The UK government is chasing an illusion of sovereignty via Brexit, but it is a change that will come at the expense of our rights. Westminster will remove one of the few, and relatively new, limits on its powers when it revokes membership of the EU. In terms of environmental regulation, employment conditions and social and economic rights, the EU has acted as a steadying hand to the exploits of parliament.
The UK does not have a written constitution but in recent years “quasi-constitutional” documents have set limits, including the European Communities Act of 1972 (EC Act), the Human Rights Act 1998 and the Scotland Act 1998. They are quasi-constitutional laws because they change the relationship between the people and the state and place some limits on parliament.
These are not permanent limitations, however, as we see with Brexit and the likely repeal of the EC Act, and so do not serve society in the way that a true constitutional text can. An obvious comparison is the written constitution in the US, which can be invoked to limit what government can do.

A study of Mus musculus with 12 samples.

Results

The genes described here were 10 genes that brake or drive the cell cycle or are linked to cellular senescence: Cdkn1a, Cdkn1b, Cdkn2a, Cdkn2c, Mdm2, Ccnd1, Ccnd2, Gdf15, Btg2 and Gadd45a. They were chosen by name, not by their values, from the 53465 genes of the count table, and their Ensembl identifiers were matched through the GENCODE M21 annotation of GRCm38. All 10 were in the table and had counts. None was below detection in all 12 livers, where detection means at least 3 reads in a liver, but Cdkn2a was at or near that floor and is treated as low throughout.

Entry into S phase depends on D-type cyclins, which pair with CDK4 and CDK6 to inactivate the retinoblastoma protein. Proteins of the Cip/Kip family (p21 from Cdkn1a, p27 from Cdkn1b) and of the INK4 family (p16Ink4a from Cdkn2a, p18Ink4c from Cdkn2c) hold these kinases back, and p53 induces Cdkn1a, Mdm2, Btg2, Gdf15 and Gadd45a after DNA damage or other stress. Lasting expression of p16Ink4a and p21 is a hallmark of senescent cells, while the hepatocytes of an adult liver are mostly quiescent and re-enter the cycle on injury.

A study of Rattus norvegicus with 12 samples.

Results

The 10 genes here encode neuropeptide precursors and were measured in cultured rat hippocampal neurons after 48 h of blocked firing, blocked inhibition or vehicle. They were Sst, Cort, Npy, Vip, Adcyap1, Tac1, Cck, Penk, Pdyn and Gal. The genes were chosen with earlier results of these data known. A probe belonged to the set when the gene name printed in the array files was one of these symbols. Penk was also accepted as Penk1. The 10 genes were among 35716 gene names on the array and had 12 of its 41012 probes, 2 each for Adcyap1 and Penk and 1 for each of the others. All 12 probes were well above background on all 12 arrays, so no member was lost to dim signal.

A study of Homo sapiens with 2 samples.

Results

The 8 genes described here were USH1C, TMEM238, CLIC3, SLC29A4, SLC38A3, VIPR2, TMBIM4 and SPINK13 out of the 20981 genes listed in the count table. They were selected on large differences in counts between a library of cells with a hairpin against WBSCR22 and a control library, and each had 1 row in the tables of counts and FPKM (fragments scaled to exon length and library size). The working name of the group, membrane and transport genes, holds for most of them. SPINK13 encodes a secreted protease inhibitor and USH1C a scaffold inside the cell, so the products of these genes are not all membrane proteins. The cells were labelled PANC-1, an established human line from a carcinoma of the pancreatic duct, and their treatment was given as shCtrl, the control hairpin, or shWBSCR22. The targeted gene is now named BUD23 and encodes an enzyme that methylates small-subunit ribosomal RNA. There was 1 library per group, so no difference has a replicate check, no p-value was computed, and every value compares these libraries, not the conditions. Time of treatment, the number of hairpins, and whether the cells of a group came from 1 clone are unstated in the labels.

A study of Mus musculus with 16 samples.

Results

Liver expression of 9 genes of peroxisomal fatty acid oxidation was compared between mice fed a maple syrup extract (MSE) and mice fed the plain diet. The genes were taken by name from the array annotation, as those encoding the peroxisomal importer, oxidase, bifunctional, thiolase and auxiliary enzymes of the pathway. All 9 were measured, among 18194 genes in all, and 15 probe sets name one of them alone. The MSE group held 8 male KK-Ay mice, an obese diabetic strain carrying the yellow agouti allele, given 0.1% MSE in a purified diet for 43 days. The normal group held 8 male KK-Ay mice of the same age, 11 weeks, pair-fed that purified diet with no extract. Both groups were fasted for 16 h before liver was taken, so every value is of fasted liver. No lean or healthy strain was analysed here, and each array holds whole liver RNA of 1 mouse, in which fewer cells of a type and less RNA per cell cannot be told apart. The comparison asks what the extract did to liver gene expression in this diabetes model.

In turning away from Europe and European jurisprudence, the UK is switching to a more reductive catalogue of rights. Human rights, as they stand, are short-hand for more expansive obligations for the state.
There is particular cause for concern in relation to economic, social and cultural rights — for instance, the right of housing, the right to an adequate standard of health and the right to education — because these lack strong constitutional guarantees. The inevitable economic fallout from Brexit coupled with inadequate social protections and financing from within the UK state will expose the gaps and the failings of the constitutional infrastructure.
In light of this rights vacuum, the idea of a written constitution for the UK has been floated for a long time, but it is unlikely in general, and it is specifically unlikely to contain economic, social and cultural rights provisions. At the devolved levels, however, the Scottish, Welsh and Northern Irish assemblies could pass their own bills of rights.
Now is a good time to consider a Scottish bill of rights. The safety net of European regulation for economic, social and cultural and environmental rights that has filled the cracks in the UK’s constitution will soon be gone. These rights matter, especially for people on the bottom rungs of the social ladder, but sooner or later they matter for everyone else too.
This article is republished with permission from The Times newspaper where it was first published on July 18 2017.
University of Edinburgh
Dr Kirsteen Shields is a lecturer in international law and food security at the University of Edinburgh’s Global Academy of Agriculture and Food Security.